Alamance-Burlington school board members have appointed Ken Walker of Mebane, who owns a real estate firm in Mebane, to a four-year term on Alamance Community College’s board of trustees.
Walker was the only person who submitted a letter of interest for the vacancy on ACC’s board, ABSS officials confirmed Monday afternoon for The Alamance News.
As such, the vote to appoint Walker to the community college board was unanimous, 6-0.
Walker replaces longtime ACC trustee Carl Steinbicker, who had served on ACC’s board since 2007 and recently announced that he would not seek reappointment prior to the expiration of his term on June 30. Steinbicker has since been appointed as a trustee emeritus for ACC.
In addition to owning the real estate firm at 202 South Fifth Street in Mebane, Walker was also a part-owner in JDK Enterprises, a discount apparel store that had operated in Mebane years ago, according to the interest letter he submitted to ABSS in mid-April.
In the letter of interest he submitted to ABSS for the upcoming vacancy on ACC’s board, Walker noted, “My entrepreneurial business background has allowed me to develop many management and decision-making skills that would be valuable in strategic planning [and] budget management.”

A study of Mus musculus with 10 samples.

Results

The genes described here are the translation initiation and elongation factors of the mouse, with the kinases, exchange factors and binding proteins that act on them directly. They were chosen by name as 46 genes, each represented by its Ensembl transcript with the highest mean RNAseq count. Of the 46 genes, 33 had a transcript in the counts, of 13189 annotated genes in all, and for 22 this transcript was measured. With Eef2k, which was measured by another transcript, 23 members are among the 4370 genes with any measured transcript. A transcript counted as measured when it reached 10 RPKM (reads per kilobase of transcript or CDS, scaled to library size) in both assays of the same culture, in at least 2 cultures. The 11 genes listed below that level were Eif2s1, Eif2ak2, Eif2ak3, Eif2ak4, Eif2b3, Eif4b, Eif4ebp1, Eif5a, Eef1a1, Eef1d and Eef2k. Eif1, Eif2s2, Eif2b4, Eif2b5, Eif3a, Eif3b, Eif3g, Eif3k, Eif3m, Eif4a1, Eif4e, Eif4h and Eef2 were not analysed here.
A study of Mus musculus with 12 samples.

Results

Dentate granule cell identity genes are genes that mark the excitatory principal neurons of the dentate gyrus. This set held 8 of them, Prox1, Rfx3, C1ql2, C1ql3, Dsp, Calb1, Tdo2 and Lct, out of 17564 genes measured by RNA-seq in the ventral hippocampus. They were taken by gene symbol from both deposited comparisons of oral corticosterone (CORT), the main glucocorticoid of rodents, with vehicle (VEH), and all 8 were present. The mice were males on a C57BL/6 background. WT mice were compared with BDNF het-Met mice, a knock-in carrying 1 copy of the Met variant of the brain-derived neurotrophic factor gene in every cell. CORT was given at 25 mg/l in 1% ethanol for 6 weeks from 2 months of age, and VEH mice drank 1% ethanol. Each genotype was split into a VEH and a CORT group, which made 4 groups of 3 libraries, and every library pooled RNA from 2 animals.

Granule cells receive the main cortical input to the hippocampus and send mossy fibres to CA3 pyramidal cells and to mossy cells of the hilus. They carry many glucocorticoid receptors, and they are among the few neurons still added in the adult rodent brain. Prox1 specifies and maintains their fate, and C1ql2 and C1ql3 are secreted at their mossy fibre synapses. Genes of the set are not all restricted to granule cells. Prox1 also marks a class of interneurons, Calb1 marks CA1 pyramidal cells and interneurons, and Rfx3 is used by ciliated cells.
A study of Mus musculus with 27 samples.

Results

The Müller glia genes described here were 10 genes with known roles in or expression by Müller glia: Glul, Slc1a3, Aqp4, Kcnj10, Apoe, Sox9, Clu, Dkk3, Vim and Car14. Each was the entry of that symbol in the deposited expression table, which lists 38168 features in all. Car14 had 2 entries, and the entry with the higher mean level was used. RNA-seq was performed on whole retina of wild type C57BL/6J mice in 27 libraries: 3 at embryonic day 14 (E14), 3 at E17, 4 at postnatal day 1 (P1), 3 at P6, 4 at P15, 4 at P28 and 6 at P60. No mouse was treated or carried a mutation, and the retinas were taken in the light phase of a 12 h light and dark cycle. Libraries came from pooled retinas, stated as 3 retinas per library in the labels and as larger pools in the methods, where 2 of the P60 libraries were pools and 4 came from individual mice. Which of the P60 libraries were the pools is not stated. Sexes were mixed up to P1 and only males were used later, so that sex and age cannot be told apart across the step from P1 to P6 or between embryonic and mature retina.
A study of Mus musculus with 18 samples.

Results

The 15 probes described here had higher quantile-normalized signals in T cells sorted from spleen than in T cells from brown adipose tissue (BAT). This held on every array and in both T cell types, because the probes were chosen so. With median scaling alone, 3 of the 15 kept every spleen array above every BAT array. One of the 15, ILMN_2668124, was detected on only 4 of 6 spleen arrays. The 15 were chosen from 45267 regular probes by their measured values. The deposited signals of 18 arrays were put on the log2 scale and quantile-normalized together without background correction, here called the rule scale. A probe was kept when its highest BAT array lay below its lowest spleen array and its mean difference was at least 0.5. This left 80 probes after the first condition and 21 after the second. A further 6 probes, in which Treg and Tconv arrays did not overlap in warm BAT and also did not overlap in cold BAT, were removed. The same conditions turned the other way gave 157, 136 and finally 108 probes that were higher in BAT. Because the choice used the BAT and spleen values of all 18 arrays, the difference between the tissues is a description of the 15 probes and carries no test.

Walker has also served on a committee that created a long-range development plan for the city of Mebane; as chairman of Alamance County’s planning board; and as a deacon at his church, which he didn’t identify by name in the letter of interest he submitted to the school board.
In keeping with ACC’s customary practice, Walker will be sworn into office at the trustees’ next regularly-scheduled meeting in August. His term is scheduled to run through June 30, 2027.
Meanwhile, retired U.S. Army Brigadier General Blake Williams – who currently serves as the trustees’ chairman – was recently reappointed by Alamance County’s commissioners to a third, four-year term, which also runs through June 30, 2027.
The office of gubernatorial appointments has not yet announced whether ACC trustee Pete Glidewell, who was appointed in 2019 by Gov. Roy Cooper, has been reappointed to a second term. Glidewell’s current term is scheduled to expire tomorrow, June 30.
Under a current state law, appointments to the 58 community college trustee boards are divided equally among the local board of county commissioners, school board, and the governor, which are each responsible for appointing four trustees.
However, a bill that state senator Amy Scott Galey, a Republican who represents Alamance County and part of Randolph County in the General Assembly, co-sponsored earlier this year would strip the governor and local school boards of their authority to appoint community college trustees.
Instead, the commissioners would continue to appoint four members, while the General Assembly would be responsible for appointing eight members to each community college trustee board.
The bill, titled “Community College Governance,” was forwarded to a House rules committee early last month, where it remains, according to the General Assembly website.